Non-dairy milks a tasty choice

IF YOU DRINK cow's milk, it's likely that at one point or another you had to be talked into it. "Getting kids to drink milk" is a well-recognized meme (try Googling the phrase) in song, story and parenting guides, because the beverage is not, apparently, something we take to automatically.

But with enough "wholesome" spin (in 2007 the Federal Trade Commission forced the National Dairy Council to retract unfounded health claims) and government-funded campaigns (remember the U.S. Department of Agriculture's team-up with Domino's to sell more cheese per pizza?) cow's milk has been positioned as the natural, normal drink for everybody, with soy milk as the weird upstart challenger.

That's quickly changing, though, with more varieties of plant-based milk showing up on supermarket shelves. And a new Silk ad raises the stakes by reframing dairy as the "weird" choice.

John Brookbank's 50-second spot was a finalist in last year's user-submitted contest, and though it's not scheduled for TV, it is on Silk's official YouTube channel (see it at

Riffing on a familiar theme (suddenly-appearing superhero persuades consumer to switch to new/better product), Brookbank has his "Power Milkman" knocking the milk jug from a poor schlub's hands. When the bike-messenger-outfitted superhero is told "you sure don't look like a milkman," he quips, "and you sure don't look like a baby cow!"

The ad's over-the-top hilarity mixes "extreme" sound effects, cheeky puns, a fake-mustache gag and a brazen tagline, calling Silk PureAlmond "a superior product that's made for people — not suckling cows."

Whether or not that's a factor, the trends are clear: Plant-milk sales are on the rise in the U.S. while dairy continues to decline. And the pro-dairy outfits that worked to hype the supposed "dangers of soy" now must chase consumers away from almonds, rice, coconut, flax, hemp, oats, hazelnuts and others.

Almond milk is the success story of the moment; it's now available in supermarkets everywhere and challenging soy for the top spot. Coconut milk (a beverage distinct from the cooking liquid) has also made great strides in market share.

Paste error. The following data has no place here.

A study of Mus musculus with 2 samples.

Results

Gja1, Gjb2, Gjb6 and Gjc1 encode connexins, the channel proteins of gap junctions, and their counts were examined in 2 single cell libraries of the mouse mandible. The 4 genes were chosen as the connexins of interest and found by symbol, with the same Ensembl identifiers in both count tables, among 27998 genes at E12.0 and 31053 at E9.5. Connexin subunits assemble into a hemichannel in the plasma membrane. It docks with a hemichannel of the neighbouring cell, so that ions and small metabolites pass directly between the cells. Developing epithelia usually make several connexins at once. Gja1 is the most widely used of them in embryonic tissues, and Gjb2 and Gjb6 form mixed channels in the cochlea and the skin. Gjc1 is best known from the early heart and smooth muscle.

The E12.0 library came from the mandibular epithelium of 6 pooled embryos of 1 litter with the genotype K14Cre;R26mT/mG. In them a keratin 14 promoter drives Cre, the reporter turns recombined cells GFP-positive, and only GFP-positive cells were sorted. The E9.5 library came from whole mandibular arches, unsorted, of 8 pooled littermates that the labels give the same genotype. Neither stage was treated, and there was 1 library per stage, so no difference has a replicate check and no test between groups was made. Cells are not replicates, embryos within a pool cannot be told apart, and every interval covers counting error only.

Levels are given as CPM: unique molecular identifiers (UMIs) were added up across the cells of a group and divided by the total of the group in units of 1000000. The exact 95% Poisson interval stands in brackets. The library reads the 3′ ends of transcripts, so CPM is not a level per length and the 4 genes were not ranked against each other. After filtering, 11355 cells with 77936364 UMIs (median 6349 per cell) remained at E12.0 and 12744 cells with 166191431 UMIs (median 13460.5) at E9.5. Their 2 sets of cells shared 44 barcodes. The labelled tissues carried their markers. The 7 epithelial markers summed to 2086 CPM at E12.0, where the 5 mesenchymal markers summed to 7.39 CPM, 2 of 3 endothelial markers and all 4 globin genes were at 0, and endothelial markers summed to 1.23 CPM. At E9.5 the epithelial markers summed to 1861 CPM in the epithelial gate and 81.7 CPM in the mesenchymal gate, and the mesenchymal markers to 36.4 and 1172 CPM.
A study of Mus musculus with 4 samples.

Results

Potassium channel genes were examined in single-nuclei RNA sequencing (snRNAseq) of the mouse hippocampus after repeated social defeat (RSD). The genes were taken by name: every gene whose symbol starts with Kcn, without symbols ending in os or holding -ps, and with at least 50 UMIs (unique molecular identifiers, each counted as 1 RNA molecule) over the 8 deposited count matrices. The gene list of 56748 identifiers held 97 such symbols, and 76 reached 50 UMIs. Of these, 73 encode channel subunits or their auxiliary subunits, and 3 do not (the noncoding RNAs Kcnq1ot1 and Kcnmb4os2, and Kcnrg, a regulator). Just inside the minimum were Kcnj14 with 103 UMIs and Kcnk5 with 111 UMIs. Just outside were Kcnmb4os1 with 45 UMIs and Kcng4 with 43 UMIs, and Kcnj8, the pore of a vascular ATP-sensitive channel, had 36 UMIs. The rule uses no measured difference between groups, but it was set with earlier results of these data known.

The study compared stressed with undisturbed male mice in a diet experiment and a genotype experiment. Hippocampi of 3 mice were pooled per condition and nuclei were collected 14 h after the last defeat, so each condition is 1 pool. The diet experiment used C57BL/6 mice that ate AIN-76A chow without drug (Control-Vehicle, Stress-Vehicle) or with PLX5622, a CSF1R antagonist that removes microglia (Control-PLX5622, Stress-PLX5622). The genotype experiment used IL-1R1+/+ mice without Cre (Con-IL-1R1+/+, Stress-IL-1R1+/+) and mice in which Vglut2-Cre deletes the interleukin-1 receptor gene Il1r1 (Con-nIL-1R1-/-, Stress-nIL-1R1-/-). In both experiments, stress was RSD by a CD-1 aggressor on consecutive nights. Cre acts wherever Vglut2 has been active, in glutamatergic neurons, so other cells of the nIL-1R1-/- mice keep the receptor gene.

So if you're curious, which one should you try? One advantage to the multiplicity of different milks is that they excel in different situations. While I never took to soy milk on cereal — too cloying — rice milk and almond milk work wonderfully. For cooking or baking, you'll almost always want an unsweetened variety. Soy, almond and coconut all perform well. Flax milk is great in smoothies, boosting omega-3s without altering flavor (and without leaving flax seeds to clean out of your blender).

And for drinking? That will depend on your taste, as well as what you're drinking it with. I find almond and coconut both go well with cookies, while rice and oat may be better standalones, but that's subjective. I also enjoy blending the different types to get the best balance for a given occasion.

Cholesterol-free milks made from nuts, grains and legumes have been around for centuries, and the modern versions are calcium-fortified. "Superior" products? That depends, but they are made for humans, by humans. Weird, huh?  


Vance Lehmkuhl is a cartoonist, writer, musician and 10-year vegan. "V for Veg" chronicles the growing trend of vegan eating in and around Philadelphia. Send your veg tips to and follow @V4Veg on Twitter.